In 1991, the Government of Canada declared Dec.6 the National Day of Remembrance and Action on Violence Against Women. Fourteen women were gunned down at L’Ecole Polytechnique in Montreal in an act of misogynistic violence. This day is a time for Canadians to reflect on the fact that women around the world face disproportionate levels of violence every day.
Acclaimed Métis filmmaker Christine Welsh brings us a compelling documentary that puts a human face on a national tragedy – the epidemic of missing or murdered Indigenous women in Canada. The film takes a journey into the heart of Indigenous women's experience, from Vancouver's skid row, down the Highway of Tears in northern BC, and on to Saskatoon, where the murders and disappearances of these women remain unsolved.
The Burning Times
This documentary takes an in-depth look at the witch hunts that swept Europe just a few hundred years ago. False accusations and trials led to massive torture and burnings at the stake and ultimately to the destruction of an organic way of life. The film questions whether the widespread violence against women and the neglect of our environment today can be traced back to those times.
After the Montreal Massacre
December 6, 1989. Sylvie Gagnon was attending her last day of classes at the University of Montreal's École Polytechnique, when Marc Lépine entered the building. Separating the women from the men, he opened fire on the women students, yelling 'You're all a bunch of feminists.' Sylvie survived, while fourteen other women were murdered. This video makes the connection between the massacre and male violence against women, setting the stage for an exploration of misogyny and sexism.
Missing and Murdered Indigenous Women, Girls and Two-Spirit People
Centennial Libraries Learning Series on YouTube
Drawing power: women's stories of sexual violence, harassment, and survival : a comics anthology by Noomin, Diane; Gay, Roxane
Pub date: 2019
More than 60 female comics creators share their personal experiences with sexual violence and harassment through new and original comics.
Violence against women: vulnerable populations by Brownridge, Douglas A.
Pub date: 2009
Violence Against Women: Vulnerable Populations investigates under-researched and underserved groups of women who are particularly vulnerable to violent victimization from an intimate male partner. In the past, there has been an understandable reluctance to address this issue to avoid stereotyping vulnerable groups of women. However, developments in the field, particularly intersectionality theory, which recognizes women's diversity in experiences of violence, suggest that the time has come to make the study of violence in vulnerable populations a new sub-field in the area.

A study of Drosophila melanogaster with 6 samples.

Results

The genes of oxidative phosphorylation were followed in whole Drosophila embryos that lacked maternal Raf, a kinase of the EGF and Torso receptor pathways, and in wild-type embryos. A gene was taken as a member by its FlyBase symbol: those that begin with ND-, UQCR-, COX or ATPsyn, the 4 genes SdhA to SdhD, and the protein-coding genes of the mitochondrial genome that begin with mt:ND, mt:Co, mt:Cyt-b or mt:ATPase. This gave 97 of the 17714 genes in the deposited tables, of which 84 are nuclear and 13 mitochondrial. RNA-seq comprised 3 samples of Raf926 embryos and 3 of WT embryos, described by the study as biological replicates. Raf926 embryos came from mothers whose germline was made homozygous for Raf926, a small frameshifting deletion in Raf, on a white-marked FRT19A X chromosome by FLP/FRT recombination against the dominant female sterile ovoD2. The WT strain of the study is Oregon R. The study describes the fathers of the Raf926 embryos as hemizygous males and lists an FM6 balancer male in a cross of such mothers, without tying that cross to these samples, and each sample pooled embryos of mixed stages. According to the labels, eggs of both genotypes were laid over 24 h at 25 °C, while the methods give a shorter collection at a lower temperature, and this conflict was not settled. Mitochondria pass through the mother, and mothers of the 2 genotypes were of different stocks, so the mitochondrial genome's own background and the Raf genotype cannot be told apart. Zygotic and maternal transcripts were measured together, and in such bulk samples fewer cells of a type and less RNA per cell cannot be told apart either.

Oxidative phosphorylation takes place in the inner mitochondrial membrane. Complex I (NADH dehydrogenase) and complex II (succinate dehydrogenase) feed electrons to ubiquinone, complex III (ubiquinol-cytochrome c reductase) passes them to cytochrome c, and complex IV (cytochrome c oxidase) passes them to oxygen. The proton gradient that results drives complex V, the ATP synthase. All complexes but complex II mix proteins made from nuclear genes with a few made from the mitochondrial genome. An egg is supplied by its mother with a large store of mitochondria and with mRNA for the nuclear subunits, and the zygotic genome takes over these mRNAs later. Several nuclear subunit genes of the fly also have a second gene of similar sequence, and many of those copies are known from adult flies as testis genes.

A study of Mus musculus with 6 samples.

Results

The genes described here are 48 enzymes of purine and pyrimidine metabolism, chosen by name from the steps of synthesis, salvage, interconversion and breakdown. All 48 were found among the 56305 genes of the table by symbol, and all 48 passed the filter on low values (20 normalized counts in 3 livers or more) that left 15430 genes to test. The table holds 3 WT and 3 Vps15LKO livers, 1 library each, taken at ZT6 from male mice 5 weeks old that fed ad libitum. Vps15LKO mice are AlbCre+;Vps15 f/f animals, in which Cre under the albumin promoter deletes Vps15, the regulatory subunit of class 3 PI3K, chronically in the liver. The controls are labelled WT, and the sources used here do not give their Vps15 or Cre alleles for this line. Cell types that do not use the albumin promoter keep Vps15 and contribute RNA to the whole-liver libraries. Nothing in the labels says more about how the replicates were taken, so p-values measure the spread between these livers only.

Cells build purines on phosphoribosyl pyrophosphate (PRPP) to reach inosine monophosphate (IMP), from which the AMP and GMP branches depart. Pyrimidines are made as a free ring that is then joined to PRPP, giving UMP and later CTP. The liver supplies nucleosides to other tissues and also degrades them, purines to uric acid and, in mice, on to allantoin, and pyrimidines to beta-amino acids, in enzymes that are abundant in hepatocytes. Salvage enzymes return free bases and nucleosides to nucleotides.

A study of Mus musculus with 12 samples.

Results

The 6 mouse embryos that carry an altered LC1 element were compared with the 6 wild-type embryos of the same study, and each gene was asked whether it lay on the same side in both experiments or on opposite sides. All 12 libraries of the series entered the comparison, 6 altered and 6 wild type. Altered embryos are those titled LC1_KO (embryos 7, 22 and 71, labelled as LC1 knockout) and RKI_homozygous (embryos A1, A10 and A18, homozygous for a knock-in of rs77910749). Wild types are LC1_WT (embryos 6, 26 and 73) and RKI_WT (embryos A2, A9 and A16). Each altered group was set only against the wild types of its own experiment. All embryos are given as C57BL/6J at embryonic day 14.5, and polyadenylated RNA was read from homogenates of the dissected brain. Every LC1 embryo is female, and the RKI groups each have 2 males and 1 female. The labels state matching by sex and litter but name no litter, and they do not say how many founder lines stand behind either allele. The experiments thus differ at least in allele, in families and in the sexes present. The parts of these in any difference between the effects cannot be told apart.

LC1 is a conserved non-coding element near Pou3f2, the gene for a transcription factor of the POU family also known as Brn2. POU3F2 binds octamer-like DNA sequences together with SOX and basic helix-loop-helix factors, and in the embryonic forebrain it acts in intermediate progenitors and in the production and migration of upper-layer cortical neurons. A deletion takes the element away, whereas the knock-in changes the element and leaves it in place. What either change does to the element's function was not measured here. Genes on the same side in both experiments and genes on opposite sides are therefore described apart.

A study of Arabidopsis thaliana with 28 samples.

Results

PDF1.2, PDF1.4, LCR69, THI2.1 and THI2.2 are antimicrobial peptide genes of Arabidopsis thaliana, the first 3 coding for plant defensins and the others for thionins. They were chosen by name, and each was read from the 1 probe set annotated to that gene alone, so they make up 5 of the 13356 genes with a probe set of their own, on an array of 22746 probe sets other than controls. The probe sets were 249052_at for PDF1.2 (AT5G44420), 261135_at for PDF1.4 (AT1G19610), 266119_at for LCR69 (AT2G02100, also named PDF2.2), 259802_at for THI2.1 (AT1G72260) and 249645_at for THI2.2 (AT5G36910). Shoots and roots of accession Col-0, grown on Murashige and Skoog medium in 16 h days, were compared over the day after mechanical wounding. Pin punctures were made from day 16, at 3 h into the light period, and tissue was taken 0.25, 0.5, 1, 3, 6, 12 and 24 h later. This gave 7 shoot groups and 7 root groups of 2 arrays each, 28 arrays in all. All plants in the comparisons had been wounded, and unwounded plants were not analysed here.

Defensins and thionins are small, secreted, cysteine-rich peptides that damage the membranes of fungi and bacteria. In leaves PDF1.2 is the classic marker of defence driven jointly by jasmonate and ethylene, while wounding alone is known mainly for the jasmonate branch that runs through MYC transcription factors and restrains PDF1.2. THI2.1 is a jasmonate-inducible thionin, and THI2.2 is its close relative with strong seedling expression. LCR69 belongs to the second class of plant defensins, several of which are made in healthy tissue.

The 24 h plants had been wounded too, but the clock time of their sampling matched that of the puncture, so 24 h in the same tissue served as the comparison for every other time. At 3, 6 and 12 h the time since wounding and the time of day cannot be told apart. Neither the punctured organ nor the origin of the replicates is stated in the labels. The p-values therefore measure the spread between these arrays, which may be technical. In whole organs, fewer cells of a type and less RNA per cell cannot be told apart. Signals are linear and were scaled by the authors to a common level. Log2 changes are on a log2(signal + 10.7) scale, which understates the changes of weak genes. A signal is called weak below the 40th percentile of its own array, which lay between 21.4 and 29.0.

Invisible no more: police violence against black women and women of color by Ritchie, Andrea J.
Pub date: 2017
A timely examination of the ways Black women, Indigenous women, and other women of color are uniquely affected by racial profiling, police brutality, and immigration enforcement.
The apology by Ensler, Eve
Pub date: 2019
Like millions of women, Eve Ensler has been waiting much of her lifetime for an apology. Sexually and physically abused by her father, Eve has struggled her whole life from this betrayal, longing for an honest reckoning from a man who is long dead. After years of work as an anti-violence activist, she decided she would wait no longer; an apology could be imagined, by her, for her, to her. The Apology, written by Eve from her father's point of view in the words she longed to hear, attempts to transform the abuse she suffered with unflinching truthfulness, compassion, and an expansive vision for the future.
The time has come: why men must join the Gender Equality Revolution by Kaufman, Michael
Pub date: 2019
The Time Has Come offers a plain-spoken and forthright look at why and how men need to actively fight for gender equality. As the co-founder of the White Ribbon Campaign, the largest effort in the world of men seeking to end violence against women, Michael Kaufman is an authority on the subject of gender equality. His new book explores how a culture based in toxic masculinity hurts both women and men (and their children), how men can become better allies in smashing the patriarchy, and how real gender equality creates advancements in both the workplace and the global economy.